Last Updated on September 11, 2019, by eNotes Editorial. Word Count: 402
“Typical” American Childhood
The memoir’s title, An American Childhood , suggests that Dillard’s childhood was a typical one, or at least similar to what others her age experienced. Pittsburgh, the book’s primary setting, can be seen as a microcosm of white, upper-middle-class American life in the twentieth century. After all,...
The memoir’s title, An American Childhood, suggests that Dillard’s childhood was a typical one, or at least similar to what others her age experienced. Pittsburgh, the book’s primary setting, can be seen as a microcosm of white, upper-middle-class American life in the twentieth century. After all, it is the setting of Mister Rogers’ Neighborhood, the popular children’s television show that depicts a magical, almost-perfect American suburb. While Dillard grew up in what some consider to be the “stereotypical” American setting in the 1950s and 1960s, Dillard’s childhood was not one that every child experienced, as she came from a privileged family.
If there is a typical aspect of childhood that is described in this memoir, it is that of conscious development: the awakening of self-consciousness that is so prevalent in Dillard’s story. As she writes at the beginning of part 1, her story begins when she is five, around the time that she first becomes conscious of time and that she is alive. Throughout the rest of her memoir, Dillard points to numerous other stages in the development of her consciousness, such as her discovery that she can exercise rationality alongside imagination as a child and her preoccupation with self-consciousness as a teenager. In recounting these developments, Dillard shows how her experiences as a child and adolescent shaped who she is as an adult—both as a person and as a writer.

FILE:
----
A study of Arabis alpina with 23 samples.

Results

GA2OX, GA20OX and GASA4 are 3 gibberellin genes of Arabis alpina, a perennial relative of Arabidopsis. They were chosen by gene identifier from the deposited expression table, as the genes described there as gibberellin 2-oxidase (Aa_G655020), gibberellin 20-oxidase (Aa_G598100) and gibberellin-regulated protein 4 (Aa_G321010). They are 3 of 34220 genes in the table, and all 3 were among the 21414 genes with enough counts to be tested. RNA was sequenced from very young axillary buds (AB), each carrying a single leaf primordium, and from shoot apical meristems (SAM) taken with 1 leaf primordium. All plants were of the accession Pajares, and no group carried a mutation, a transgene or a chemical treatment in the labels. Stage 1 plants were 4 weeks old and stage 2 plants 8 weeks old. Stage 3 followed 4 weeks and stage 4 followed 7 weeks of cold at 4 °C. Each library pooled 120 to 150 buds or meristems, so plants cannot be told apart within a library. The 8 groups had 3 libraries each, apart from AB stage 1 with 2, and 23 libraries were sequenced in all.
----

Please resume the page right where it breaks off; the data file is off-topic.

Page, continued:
Rejection of Mundane Life
Though Dillard’s interests change throughout her childhood and adolescence, the wholehearted passion with which she pursues them does not. Dillard seeks books with depth and imagination and, through them, delves into extensive studies of topics that excite her, such as the French and Indian War. After reading these books where people lead thrilling lives, she sees her own life as pale in comparison and cannot believe that her future is to consist merely of marrying, buying a house nearby, and having children. As she ages, Dillard becomes increasingly distressed by boredom—especially as a teenager, when boredom comes in intolerable and suffocating waves. The memoir ends with Dillard detailing her exhilaration before she left for college, when she wonders what her future will hold. She realizes that her life does not have to be mundane with all the possibilities she has: she considers becoming a missionary, writing an epic, and rediscovering her childhood interests in art and science.